In our last blog article, we discussed how the “Employer Mandate” portion of the ACA has been delayed until January 1, 2015. Part of the reason for the delayed implementation has been the complicated financial impact and unclear reporting requirements related to modifying full-time and part-time employment status.
What this means is that employers that rely on large numbers of part-time employees (like restaurants and retailers) now have an extra year to make some difficult decisions about their workforce and their labor costs. Conversely, it also means that part-time employees need to stay informed about how the ACA affects their access to health care insurance.
New Rule: New Hours
Under the ACA’s new rules, a full-time employee is now defined as an individual who works at least 30 hours or more during the week, or 120 hours or more per month. A part time employee is now considered an individual who works less than 30 hours per week. Remember, the employer mandate provision requires companies with 50 or more full-time employees to provide “qualified” healthcare coverage to these employees, or pay an annual penalty of $2,000 per each full-time employee (after the first 30 full-time employees are assessed) if such coverage is not provided.
Current statistics show that about 2 million workers will be affected by the employer mandate, and it would follow that part-time employees who currently work 30-39 hours per week are the most at risk.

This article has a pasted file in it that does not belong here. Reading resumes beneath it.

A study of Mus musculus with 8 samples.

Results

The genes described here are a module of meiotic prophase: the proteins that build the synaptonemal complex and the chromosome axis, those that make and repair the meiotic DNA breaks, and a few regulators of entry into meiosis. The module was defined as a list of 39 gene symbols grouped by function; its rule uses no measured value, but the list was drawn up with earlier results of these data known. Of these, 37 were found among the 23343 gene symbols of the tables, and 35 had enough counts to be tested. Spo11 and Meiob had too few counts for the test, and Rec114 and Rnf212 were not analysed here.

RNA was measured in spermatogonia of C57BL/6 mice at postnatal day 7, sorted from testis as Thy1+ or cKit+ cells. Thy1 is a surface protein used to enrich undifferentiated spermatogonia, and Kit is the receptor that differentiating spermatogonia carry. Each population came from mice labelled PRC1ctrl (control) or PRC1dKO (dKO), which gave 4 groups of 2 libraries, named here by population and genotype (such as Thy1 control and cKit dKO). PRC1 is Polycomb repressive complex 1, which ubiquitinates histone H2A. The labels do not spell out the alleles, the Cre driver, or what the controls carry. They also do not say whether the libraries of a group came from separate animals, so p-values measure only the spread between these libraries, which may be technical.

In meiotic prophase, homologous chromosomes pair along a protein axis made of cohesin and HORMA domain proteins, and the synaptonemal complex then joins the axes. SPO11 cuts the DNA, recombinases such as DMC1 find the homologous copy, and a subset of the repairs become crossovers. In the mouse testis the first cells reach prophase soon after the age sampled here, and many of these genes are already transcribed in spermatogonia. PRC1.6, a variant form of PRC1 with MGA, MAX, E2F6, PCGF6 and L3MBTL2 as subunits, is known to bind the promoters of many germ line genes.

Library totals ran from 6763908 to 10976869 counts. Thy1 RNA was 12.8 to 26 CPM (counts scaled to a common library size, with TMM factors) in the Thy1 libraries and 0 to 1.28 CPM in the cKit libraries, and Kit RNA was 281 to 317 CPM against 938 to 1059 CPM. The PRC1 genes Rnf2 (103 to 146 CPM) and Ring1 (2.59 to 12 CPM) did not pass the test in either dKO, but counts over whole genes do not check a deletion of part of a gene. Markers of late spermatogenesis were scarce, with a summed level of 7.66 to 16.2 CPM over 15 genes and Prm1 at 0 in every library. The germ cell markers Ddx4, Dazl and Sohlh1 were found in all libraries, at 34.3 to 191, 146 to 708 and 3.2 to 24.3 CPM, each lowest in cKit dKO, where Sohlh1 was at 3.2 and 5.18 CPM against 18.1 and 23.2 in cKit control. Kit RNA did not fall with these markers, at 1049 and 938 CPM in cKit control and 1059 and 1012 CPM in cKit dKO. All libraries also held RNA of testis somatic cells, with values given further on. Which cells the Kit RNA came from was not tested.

From a very large employer’s perspective, it may make financial sense to begin limiting all part-time employees to a 29 hour work week. This will definitely allow employers to save on their health insurance costs. You can bet that in the next year, many of these employers will crunching the numbers to find out if implementing a policy like this will help their bottom line.
However, with a reduction in work hours, these part-time employees will definitely feel a financial strain. For them, the new ACA rules may deal them a triple financial hit: less income PLUS they’re not eligible for their employer’s healthcare coverage, PLUS the potential tax penalty ($2000!) for choosing to have no coverage at all.
The good news is that most of these part-time employees who do not receive healthcare coverage from their employer will be able to find affordable health insurance in the “individual” market, or through state exchanges. Regardless of the source of the insurance, many of these part-time employees who obtain insurance through the private market, or through state exchanges, may then qualify for generous tax credits. These tax credits will be available for lower to middle income individuals and families who meet specific healthcare coverage requirements.
The Law Office of Brandon Woodward P.A. is eternally grateful that you have visited our web site or read our blog. The materials and information contained here are provided for informational purposes only and are not to be considered as legal advice. For questions about ACA and its affect on your business, or any other legal issues facing your business, please a message us at firstname.lastname@example.org and we’ll give you a totally FREE consultation.